To: "Santos, Jose Renato G" <joserenato.santos@xxxxxx>
Subject: Re: [Xen-devel] More network tests with xenoprofile this time
From: William Cohen <wcohen@xxxxxxxxxx>
Date: Tue, 07 Jun 2005 17:47:22 -0400
Cc: Ian Pratt <m+Ian.Pratt@xxxxxxxxxxxx>, xen-devel@xxxxxxxxxxxxxxxxxxx, "Turner, Yoshio" <yoshio_turner@xxxxxx>, Andrew Theurer <habanero@xxxxxxxxxx>, Aravind Menon <aravind.menon@xxxxxxx>, G John Janakiraman <john@xxxxxxxxxxxxxxxxxxx>

  You may want to take a look at the folowing paper
  which is being presented at VEE'05 (June 11 and 12, 2005).


  It presents network performance results using xenoprof.
  This was done for xen 2.0.3. The profile you reported
  has some similarities with our results although the
  exact numbers are different. But that is expected, since
  you are running a different version of Xen on a different
hardware. We have seen that a significant amount of time was spent on handling interrupts in Xen, as well. We have also seen that a significant amount of time is spent on the hypervisor (+/- 40%) for the dom1 <-> external
  case, measured both at dom1 and at dom0.
  (in our case we instrumented the receive side)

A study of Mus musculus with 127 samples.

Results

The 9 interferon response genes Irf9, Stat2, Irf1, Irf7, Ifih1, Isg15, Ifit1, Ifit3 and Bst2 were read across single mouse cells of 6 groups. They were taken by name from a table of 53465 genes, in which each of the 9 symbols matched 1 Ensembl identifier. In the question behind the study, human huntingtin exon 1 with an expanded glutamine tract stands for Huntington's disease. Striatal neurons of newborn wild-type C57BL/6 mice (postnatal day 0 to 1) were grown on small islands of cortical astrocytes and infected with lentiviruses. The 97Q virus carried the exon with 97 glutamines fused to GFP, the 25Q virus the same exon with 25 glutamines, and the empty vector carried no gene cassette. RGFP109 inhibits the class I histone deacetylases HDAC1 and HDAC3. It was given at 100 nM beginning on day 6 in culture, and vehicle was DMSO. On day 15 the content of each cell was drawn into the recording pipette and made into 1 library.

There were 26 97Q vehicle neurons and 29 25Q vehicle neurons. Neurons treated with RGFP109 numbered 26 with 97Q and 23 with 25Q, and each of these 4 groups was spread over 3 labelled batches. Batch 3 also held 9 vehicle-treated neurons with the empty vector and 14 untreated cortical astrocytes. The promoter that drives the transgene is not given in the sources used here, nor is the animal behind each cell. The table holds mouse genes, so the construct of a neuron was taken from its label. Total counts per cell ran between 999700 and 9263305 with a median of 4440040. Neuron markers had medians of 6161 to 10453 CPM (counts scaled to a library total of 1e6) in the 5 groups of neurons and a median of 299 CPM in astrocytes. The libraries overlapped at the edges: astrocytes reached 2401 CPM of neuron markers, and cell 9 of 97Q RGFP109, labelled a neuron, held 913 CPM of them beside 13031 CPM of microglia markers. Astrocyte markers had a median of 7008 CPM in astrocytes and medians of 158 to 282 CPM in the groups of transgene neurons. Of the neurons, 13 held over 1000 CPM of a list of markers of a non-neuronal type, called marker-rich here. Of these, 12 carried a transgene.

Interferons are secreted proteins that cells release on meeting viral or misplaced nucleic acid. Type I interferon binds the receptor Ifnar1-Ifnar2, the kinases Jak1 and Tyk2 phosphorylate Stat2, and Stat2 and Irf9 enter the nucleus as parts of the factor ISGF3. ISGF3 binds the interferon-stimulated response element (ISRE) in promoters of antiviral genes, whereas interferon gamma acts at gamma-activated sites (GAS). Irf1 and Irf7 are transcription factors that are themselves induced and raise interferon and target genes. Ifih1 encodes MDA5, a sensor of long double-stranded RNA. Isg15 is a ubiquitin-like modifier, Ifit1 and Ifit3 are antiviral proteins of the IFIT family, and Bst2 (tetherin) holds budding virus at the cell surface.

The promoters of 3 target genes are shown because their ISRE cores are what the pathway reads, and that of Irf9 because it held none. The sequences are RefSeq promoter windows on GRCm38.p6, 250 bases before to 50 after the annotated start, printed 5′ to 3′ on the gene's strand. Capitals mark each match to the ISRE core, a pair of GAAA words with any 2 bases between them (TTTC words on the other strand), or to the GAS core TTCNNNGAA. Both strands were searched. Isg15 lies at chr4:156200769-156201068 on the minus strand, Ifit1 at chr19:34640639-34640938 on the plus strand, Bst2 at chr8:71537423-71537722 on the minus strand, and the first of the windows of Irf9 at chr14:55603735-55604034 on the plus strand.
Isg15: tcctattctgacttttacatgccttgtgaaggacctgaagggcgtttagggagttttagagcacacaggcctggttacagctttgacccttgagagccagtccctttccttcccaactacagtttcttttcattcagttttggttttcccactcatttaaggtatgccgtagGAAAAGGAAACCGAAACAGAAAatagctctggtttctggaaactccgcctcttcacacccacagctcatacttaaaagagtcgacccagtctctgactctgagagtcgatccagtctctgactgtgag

When we run the benchmark on dom0 the time spent on Xen
is reduced to (+/-20%). Most of this extra Xen overhead when running a guest
  seems to come from the page transfer between
  domain 0 and the guest (see table 6 and discussion
  on paper).
The paper omits the complete oprofile reports
  for brevity. I will be happy to send you any
  detailed oprofile report we have generated for the
paper, if you want to compare it with your results. Just let me know ...


Hi Renato,

The article was an interesting application of the xenoprof.

It seem like it would be useful to also have data collected using the cycle counts (GLOBAL_POWER_EVENTS on P4) to give some indication of areas with high overhead operations. There may be some areas with few very expensive instructions. Calling attention to those areas would help improve performance.

The increases in I-TLB and D-TLB events for Xen-domain0 shown in Figure 4 are surprising. Why would the working sets be that much larger for Xen-domain0 than regular linux, particularly for code? Is there an table similar to table 3 for I-TLB event sample locations?

Can't the VMM use a 4-MB page and the Xen-domain0 kernel shouldn't be that much larger than regular linux kernel? How were TLB flushes ruled out as a cause? Could the PERFCOUNTER_CPU counters in perfc_defn.h be used to see if the VMM is doing a lot of TLB flushes?

Also how much of I-TLB and D-TLB events are due to the P4 architecture? Are the results so dramatic for a Athlon or AMD64 processors?